Case study Chipotle: Defending your sustainability reputation

Speaking Sustainably

Case study Chipotle: Defending your sustainability reputation

Ken Wolter

If you’ve eaten at Chipotle, you know its sustainability story. If you haven’t, take a tour of its website and you’ll learn about how vegetables are grown in healthy soil, how it's removed GMOs from its menu, how it's taken a stand against growth hormones and antibiotics in milking cows and how it's allowing pigs to "root and roam" instead of being caged up.

Chipotle has done a great job of committing to this approach, developing the message around it and building its brand on it. It makes for a strong and easily recognizable differentiator in the industry.

It also creates a set of challenges — the kind of challenges that come when any company puts a stake in the ground and has to hold itself accountable to the stand it's taken. In reality, taking a stand on sustainability is no different from taking a stand on quality or innovation. In order to maintain any brand position, you have to defend the core attribute upon which it’s built.

So this is a story about doing exactly that — it just so happens it’s a story about defending a claim of sustainability.

The first challenge arose around Chipotle’s "Pork Protocol." After discovering that one of its major pork suppliers was not raising its pork to Chipotle’s animal treatment standards, it pulled the pork from its menus, creating a carnitas shortage. It took nine months to get pork back on the menu at most of its restaurants.

Although I’m sure it was painful, Chipotle did exactly the right thing here. Its efforts reinforced to the public that its brand is pure — that its commitment to the humane treatment of animals and sustainable farming practices isn’t just some nice-sounding ad copy. It’s real. And its actions spoke louder than words, demonstrating transparency and a commitment to fix anything out of alignment with its brand message of "food with integrity."

It also tells consumers it checks the veracity of its own story, and because it was being proactive, it further strengthened my belief in its commitment.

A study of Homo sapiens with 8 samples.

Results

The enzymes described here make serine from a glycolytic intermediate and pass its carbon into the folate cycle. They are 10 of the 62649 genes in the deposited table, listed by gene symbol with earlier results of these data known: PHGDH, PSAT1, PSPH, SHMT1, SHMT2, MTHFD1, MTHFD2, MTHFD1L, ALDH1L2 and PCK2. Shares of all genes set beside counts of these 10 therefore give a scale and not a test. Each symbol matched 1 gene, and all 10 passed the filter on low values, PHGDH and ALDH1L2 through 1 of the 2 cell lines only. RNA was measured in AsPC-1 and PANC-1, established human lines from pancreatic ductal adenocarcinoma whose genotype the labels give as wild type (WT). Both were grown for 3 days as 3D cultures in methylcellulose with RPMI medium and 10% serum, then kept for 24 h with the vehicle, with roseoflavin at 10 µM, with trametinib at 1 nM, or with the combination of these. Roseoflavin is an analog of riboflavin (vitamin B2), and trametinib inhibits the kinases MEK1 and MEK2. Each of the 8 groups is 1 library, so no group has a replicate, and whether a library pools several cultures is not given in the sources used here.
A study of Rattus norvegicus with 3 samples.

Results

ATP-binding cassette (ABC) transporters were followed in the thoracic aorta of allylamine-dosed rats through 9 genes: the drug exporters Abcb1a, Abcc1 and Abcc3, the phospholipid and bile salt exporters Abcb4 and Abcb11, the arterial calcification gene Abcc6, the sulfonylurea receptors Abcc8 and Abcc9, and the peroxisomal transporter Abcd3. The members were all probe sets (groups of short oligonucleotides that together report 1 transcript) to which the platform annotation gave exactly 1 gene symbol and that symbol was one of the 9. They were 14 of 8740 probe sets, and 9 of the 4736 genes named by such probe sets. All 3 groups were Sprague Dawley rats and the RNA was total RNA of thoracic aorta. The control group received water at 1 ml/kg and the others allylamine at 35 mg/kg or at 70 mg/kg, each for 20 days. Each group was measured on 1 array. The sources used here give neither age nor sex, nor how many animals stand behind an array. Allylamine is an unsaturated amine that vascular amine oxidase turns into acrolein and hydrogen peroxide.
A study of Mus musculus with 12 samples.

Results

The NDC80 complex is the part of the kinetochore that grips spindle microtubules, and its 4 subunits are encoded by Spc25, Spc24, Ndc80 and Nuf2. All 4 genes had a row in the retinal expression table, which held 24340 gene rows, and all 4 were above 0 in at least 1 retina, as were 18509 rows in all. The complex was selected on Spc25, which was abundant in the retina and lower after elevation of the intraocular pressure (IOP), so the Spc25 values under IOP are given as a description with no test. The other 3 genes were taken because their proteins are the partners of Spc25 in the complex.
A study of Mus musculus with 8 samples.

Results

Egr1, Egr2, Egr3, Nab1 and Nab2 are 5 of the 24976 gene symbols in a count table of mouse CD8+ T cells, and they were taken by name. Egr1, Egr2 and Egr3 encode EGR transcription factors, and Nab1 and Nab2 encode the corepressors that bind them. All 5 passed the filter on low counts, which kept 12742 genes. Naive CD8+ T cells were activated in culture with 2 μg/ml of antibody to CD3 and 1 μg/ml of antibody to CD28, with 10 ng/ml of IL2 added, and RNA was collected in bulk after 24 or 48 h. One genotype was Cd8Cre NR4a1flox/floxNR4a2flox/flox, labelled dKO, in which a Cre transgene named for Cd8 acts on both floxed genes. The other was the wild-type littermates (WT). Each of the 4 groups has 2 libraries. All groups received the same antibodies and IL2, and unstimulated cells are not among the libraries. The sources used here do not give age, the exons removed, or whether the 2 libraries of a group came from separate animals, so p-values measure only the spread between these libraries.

You may have seen the second challenge the company is dealing with: the "Chubby Chipotle" campaign. The Center for Consumer Freedom, a food industry lobbying group, has developed a campaign asserting that eating two Chipotle burritos a week could cause someone to gain 40 pounds.

A spokesperson from Chipotle labeled these ads a smear campaign and I’m inclined to agree (the campaign is run by a guy who built a career lobbying on behalf of food companies against health initiatives).

However, it raises an interesting issue that Chipotle will need to deal with: Although Chipotle is making ethical sourcing claims, not better health claims, Americans generally assume they mean the same thing — that no GMOs, antibiotics or hormones means the food is healthier and they can eat it guilt-free without worrying about pesky things such as calories.

The campaign continues to lob new challenges at Chipotle. The most recent ad claims Chipotle’s tofu contains more hormones than meat from animals given hormones.

And other than the initial response we mentioned above, Chipotle has been silent. We think that’s the right approach — Chipotle doesn’t need to go on the defense because a bully decided to pick on it. However, Chipotle does need to go on the offense and address the very real perception that I can eat one of its burritos for lunch, believing I’m making a healthy choice, when in reality I’ve just consumed my entire recommended caloric intake for the day.

Chipotle does post calories on its website and actually lets you see, as you’re building your burrito, for instance, how many calories you’re adding per item selected. But it can and should go further by offering smaller portion options or predetermined/prepackaged lower calorie options — and then it should boldly feature these options in its ad campaign in the same way it talks about sustainable farming and the lack of antibiotics and hormones.

It’s all part of defending its brand value proposition as it’s understood in the eyes of the actual brand owners — consumers.